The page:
Bringing Bing to the Black

Microsoft’s President of Online Services Qi Lu told CNN Money and financial analysts that Bing will be able to gain the market share necessary to make Bing into a profitable service. The path to doing so relies, no on an attempt to “out-Google Google,” but in expanding how a search engine functions, allowing users to connect to the specific data they want right from the search page.

Bing is already starting on this path by giving product results, flight data, sports information, and more. However, Google is already doing all those things itself – so Bing hasn’t met their objective yet.

That objective, according to Lu, is to “fundamentally change” how users perceive search engines. Once Bing has done so, users will migrate away from search sites that fail to meet those standards (e.g., Google) and to search sites that pull the more advanced search features off (e.g., Bing).

Lu also emphasizes that Bing has more advantages that just its partnerships and product integrations: Bing can safely experiment and adapt in a way that Google simply can’t any longer.

Bing Bleeds as It Grows

microsoft-online-services-profit-loss

Since Bing’s launch, Microsoft has lost billions on the product. The exact loss figure is difficult to calculate, but the online services division has been a $9 billion drain on the company revenue since 2007.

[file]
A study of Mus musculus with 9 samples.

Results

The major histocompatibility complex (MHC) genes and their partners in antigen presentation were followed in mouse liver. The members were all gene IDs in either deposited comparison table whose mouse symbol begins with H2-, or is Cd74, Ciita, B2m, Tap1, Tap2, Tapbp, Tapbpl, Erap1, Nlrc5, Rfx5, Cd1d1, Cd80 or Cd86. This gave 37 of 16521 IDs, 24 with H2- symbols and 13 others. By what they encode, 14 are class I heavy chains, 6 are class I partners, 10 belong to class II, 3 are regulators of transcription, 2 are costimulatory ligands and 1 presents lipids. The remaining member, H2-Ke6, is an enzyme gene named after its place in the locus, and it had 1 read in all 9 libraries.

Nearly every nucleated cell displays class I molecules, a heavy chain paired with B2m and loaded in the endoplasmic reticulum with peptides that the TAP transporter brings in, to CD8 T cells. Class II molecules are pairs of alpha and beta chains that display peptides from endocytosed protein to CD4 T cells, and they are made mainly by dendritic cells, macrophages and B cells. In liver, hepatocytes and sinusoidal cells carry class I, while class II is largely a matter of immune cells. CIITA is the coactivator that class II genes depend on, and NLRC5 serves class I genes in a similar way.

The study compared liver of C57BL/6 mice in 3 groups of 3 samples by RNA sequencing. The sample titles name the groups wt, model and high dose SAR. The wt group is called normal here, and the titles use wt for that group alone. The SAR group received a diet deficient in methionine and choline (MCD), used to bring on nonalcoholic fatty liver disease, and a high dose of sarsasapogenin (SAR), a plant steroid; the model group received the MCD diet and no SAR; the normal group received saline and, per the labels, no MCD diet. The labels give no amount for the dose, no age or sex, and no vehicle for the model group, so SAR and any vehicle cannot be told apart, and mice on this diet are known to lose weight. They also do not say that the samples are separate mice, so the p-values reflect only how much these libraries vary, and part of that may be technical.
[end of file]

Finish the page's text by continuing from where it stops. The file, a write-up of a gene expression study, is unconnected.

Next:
In that time, Bing has been gaining insights into user searching habits through both its current 14.7 percent share of the market (up from 8.4 percent at launch) and their access to data from Yahoo searches (which are powered by Bing). The combination of Yahoo and Bing ads and the integration of the SERP results for both has also been a strong draw for advertisers. However, the online services division has yet to post a single profitable year, and in 2010 the division posted a $2.5 billion loss.

Still, there are plenty of reasons why Bing will stick around. That may not be great news for investors, though.

Even if Lu’s proposed process succeeds, it will take years – and during that time, Bing will be a multi-billion-dollar bleed. According to analysts at the conference, including Sid Parakh, an analyst at McAdams Wright Ragen, it’s likely to take three to four years for Bing to hit the 25 to 30 percent market share necessary to be a profitable service. Even then, many are skeptical that Bing can make the necessary market share advances.

While Bing has nearly doubled in size since its launch in 2009, the majority of its share increase has been taken from Yahoo, AOL, and Ask – not from Google.